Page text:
Cleantech Solving Basic Needs In India


Continuing a topic covered recently in MIT’s Technology Review–namely the use of alternative energy to solve some basic needs in India’s rural areas–today’s Green Blog covers another innovation:

Milk? Garbage. Spinach? Garbage. Leftover Thai takeout? Garbage. For millions in the Northeast, clearing out the fridge after days without power was just one more unsavory chore that was part of the cleanup process after Hurricane Sandy passed through.

But in the developing world, throwing out food because of inadequate refrigeration isn’t just annoying, it’s a devastating and irreparable economic blow that keeps farmers trapped at the level of subsistence and threatens food security. In India, the government estimates that anywhere from 30 to 40 percent of food spoils long before it finds its way to the table.

Such waste is endemic because so few farmers have access to electricity. Even in Tamil Nadu, one of the most industrialized states in the country and sometimes referred to as India’s California, only 40 percent of the population has electricity. Without power, tomatoes and okra stand no chance in 104-degree weather.

To address the problem, business students and engineers from the University of Cincinnati have teamed with local Ohio companies to create a small solar-powered refrigerated shed for storing food. The SolerCool container runs on just eight solar panels and keeps produce at a comfortably cool temperature, even at night, thanks to a battery that charges during the day.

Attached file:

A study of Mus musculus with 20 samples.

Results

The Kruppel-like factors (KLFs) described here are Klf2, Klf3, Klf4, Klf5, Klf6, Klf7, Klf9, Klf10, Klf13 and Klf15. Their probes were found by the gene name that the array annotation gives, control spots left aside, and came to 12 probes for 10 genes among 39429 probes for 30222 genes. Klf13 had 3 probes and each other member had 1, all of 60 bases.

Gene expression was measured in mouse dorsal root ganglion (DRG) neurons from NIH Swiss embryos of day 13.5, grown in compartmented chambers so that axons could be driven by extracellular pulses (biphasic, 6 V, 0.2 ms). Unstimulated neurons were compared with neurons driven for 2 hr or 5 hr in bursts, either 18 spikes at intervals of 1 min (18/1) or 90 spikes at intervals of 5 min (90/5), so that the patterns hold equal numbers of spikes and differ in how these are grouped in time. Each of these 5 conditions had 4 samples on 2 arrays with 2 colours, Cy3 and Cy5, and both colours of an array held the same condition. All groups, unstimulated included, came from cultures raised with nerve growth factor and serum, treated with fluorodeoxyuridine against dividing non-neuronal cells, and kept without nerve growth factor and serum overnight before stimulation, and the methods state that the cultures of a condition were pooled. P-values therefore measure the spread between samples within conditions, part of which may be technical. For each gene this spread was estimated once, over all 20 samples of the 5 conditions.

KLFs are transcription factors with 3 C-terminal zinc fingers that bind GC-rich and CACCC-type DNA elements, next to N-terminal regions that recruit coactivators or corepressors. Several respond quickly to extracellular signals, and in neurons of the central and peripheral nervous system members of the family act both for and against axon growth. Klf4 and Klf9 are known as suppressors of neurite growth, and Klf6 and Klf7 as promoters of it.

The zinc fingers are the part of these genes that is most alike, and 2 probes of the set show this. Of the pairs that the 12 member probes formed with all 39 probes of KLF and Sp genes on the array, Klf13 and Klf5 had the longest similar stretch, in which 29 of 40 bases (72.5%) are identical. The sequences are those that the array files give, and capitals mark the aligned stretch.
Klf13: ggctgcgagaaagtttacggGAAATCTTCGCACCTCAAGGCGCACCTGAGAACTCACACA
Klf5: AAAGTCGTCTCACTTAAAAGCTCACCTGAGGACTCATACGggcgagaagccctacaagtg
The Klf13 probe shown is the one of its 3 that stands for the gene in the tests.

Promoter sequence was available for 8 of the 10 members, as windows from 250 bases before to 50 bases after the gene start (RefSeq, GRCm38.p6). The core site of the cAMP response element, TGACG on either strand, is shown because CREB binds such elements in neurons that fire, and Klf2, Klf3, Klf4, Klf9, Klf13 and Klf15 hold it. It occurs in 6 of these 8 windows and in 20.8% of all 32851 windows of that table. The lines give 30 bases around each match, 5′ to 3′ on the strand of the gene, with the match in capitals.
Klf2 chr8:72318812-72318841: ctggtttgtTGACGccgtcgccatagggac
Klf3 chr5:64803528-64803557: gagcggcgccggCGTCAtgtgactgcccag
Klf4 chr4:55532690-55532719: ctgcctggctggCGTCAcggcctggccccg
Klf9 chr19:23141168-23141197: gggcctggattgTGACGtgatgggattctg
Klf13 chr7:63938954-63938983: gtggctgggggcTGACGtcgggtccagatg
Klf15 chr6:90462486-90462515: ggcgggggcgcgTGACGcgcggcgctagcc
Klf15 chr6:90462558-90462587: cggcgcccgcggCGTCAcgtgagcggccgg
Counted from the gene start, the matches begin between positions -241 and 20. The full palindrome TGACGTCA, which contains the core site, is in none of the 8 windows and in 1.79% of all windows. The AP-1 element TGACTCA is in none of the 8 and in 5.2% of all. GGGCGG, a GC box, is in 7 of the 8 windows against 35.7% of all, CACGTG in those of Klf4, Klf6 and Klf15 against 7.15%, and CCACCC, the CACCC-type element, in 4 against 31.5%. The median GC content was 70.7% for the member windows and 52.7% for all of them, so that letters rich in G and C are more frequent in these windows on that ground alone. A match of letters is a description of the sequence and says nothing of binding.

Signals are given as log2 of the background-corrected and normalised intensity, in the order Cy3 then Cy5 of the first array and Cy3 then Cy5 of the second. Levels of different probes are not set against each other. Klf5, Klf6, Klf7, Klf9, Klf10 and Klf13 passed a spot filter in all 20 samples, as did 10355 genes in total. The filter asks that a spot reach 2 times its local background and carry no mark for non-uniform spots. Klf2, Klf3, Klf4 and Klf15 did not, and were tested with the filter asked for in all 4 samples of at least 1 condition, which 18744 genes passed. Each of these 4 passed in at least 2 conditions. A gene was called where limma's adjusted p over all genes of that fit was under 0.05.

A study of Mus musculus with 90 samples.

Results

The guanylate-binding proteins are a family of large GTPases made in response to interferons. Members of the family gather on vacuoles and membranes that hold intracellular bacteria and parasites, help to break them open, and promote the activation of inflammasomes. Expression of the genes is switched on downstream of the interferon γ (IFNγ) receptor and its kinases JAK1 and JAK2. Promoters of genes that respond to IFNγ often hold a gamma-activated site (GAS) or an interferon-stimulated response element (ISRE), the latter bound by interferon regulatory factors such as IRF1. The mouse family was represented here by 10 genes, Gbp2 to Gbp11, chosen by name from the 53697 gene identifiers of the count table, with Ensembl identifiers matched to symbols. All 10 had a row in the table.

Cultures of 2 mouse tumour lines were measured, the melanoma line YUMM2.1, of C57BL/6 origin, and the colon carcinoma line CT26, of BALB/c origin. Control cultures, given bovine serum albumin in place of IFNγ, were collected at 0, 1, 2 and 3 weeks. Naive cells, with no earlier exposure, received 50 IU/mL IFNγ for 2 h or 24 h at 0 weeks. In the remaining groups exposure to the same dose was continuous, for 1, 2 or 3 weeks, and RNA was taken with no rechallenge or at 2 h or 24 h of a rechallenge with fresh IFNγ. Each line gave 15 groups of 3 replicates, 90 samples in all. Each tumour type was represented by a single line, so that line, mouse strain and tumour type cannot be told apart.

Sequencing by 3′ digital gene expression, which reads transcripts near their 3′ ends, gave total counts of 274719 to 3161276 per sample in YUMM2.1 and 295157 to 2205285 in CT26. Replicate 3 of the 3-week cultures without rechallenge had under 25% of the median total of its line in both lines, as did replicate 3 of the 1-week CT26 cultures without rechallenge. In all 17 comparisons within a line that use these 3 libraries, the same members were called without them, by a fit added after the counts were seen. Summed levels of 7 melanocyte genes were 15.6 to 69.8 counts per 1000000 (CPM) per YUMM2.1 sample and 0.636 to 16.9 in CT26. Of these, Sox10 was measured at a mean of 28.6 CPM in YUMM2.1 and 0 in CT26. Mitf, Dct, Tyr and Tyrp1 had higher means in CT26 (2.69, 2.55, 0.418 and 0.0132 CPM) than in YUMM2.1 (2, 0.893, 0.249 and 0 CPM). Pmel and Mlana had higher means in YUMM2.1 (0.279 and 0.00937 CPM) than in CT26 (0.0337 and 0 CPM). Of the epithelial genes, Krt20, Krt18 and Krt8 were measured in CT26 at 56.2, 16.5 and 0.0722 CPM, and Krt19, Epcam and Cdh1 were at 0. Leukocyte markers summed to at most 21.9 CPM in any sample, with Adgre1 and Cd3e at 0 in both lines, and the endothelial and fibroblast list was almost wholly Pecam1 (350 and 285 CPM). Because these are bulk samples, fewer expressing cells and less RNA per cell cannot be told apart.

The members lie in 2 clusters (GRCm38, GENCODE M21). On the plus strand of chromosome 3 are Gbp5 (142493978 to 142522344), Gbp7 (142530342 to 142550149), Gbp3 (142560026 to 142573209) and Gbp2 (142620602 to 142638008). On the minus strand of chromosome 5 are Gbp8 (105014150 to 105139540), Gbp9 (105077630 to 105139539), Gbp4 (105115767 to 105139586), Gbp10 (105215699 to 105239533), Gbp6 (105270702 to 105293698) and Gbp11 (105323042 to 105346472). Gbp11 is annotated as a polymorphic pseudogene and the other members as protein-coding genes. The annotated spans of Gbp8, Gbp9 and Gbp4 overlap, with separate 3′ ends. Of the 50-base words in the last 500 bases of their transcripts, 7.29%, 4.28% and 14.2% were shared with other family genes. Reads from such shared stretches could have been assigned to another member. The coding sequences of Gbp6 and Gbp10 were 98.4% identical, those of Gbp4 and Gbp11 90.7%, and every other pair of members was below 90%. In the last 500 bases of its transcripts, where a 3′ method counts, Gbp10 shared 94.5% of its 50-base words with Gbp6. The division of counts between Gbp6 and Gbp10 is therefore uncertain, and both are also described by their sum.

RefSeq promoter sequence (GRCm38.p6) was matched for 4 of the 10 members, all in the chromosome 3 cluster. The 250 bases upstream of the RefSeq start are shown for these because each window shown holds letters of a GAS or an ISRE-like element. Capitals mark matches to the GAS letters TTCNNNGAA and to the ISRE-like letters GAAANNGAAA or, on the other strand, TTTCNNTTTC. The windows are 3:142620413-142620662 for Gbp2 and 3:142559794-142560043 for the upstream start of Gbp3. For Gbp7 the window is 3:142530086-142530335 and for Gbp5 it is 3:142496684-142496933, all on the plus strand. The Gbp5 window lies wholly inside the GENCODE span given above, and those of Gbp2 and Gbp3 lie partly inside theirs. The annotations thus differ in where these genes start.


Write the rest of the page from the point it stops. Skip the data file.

Mohsen Rezayat, chief solutions architect at Siemens PLM and an adjunct professor in the University of Cincinnati’s engineering school, helped bring all the technology for the shed together. One of its more unusual components is the compressor.

“Compressors, which generate the cold air for refrigeration, are huge energy hogs,” Dr. Rezayat noted. But the team found a company that had created a small portable one that could be run on the power from just a few solar panels.

The unit was designed so that vending machines wouldn’t have to be hauled out for repair, he said. “When something went wrong with the cooling system, a new one could just be popped in like a fresh ink cartridge,” Dr. Rezayat explained. “Turns out, what’s good for vending machines at universities in Ohio is good for cabbages on farms in India.”

Click the image above to read the rest of the story.